Friday, October 10, 2014

21 Topon Ki Salami

Good Idea, Great Moments Murdered By Music

one and a half star

Mini Review:

It's like riding a one trick pony that has been nailed to a carousel that plays the most annoying music from the beginning of the movie until the end credits. It's a great idea, hilarious in parts, but the idea gets dragged on and on and on and on and you wish there was a fast forward button on the film.

Main Review:

Before anything else, let is salute the fun talent that is Neha Dhupia. She plays the seductive siren, the politician's 'rakhail' with so much gusto that you cannot help but smile each time she appears on screen. The item number she performs - a spoof of Bollywood hits - is so good, it doesn't matter what the song is, what the tune is, she owns the screen. She alone takes the one star that has been awarded to the film.

The half star is earned by the rest of the film. It's a great idea, a great cast, and some really great laughs, but they get so involved with the joke, they don't know when to stop and go forward. 

Sometimes you feel like it's a saas bahu serial, with everyone in the room getting a reaction shot (when they decide to substitute a corpse with a live person, there are five people in the scene, everyone gets a reaction shot and you in the audience want to say, 'Understood. Now get on with it!'). Sometimes, it's like a comedy sketch that gives the punch line away in the beginning and continues to say the same thing (as when Anupam Kher wants to sign out his machine and the officer is watching porn. We see the girl strip on the screen rightaway, and know why there is a delay in the sign-out, but the scene goes on and on and on). And at other times, you don't know why they want to sing songs that are unbelievably forgettable, and are an obvious intrusion in the narrative.

I am assured that no movie works without songs, and I have admitted that the item number performed by Neha Dhupia was shot brilliantly but don't remember the words or the tune. But the romantic track when the hero and the heroine sing was absolutely needless and forgettable. And the English rap-like pointless refrain which popped up every time the characters decided to break the rules, was like slapping the audience to say, 'Since you are too dumb to see that the characters are about to do something satirical, here is music!' The absolutely daft and unclear rap ditty (all the characters were suddenly shown wearing 'hip' clothes and dancing 'pop' style during the end credits made no sense whatsoever. It was just some guy at a mic shouting out words (accompanied with those hand gestures) that made little sense when the audience is trying to get out of the noise without tripping on the popcorn on the floor.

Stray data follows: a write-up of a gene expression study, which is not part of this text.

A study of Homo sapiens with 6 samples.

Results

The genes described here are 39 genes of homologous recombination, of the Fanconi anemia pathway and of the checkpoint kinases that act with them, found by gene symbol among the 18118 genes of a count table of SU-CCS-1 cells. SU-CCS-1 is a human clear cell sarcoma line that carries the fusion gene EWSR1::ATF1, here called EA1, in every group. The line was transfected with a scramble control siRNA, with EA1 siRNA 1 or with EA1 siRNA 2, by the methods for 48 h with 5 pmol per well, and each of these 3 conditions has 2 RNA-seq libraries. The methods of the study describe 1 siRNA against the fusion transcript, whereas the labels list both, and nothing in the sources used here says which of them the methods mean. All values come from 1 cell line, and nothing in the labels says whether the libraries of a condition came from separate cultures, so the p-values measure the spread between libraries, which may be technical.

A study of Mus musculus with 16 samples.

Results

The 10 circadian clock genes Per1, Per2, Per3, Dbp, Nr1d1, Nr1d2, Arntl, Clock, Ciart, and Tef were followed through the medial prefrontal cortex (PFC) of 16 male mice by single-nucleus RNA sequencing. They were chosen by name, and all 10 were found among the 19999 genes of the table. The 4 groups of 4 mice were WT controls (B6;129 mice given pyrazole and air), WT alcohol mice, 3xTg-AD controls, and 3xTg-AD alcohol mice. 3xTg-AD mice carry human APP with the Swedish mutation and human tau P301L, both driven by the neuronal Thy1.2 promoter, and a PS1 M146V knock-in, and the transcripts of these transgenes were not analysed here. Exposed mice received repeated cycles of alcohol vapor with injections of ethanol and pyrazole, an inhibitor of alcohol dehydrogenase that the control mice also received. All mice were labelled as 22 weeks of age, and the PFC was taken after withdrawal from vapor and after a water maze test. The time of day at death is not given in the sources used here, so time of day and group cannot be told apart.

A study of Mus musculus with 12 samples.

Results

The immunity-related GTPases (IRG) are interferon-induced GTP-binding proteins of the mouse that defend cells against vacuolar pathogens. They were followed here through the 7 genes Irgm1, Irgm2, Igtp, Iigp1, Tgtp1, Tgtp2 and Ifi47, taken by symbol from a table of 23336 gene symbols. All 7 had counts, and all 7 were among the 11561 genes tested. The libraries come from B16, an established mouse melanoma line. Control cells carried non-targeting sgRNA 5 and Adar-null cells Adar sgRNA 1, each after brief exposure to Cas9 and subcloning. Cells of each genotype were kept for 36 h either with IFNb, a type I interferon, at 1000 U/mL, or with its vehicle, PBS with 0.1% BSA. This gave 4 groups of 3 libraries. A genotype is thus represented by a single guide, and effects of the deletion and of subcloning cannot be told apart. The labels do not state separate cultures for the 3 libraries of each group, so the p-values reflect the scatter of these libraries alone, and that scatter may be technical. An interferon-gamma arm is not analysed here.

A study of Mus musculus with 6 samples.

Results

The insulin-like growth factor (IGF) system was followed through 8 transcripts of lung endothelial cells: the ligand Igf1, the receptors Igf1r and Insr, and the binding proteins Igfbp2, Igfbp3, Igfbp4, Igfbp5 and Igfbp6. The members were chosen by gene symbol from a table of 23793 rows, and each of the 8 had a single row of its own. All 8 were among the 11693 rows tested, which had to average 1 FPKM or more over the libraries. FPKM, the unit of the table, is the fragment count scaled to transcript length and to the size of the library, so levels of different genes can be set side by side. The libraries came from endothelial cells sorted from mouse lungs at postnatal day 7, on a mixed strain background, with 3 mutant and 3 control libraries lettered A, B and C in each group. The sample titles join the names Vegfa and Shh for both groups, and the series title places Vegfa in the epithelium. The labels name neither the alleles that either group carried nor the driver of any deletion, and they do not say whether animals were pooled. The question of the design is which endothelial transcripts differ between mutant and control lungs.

Yes, there are funny moments (most belong to the brilliantly spoofy Neha Dhupia), but then they could have been funnier had they not been so long winded. Take the hilarious event I have mentioned before where someone pretends to be a corpse. It gets funny when he falls asleep and begins to snore under the white sheet. Instead of only showing it and allowing the audience to laugh as the scene unfolds, the director has a character make a telephone call to another character asking, 'What do I do now that babuji is snoring under the sheet?'. The movie is full of such explained gags. It just goes to make the film unbearably long. Had they not felt the need to tell the audience, the film would have been at least 45 minutes shorter and far crisper and funnier. 

Also I would have paid attention to little details and made the characters remove their shoes before they lit the pyre...

Watch the movie when they release it on TV. Otherwise you'll just suffer its length and the incessant background score.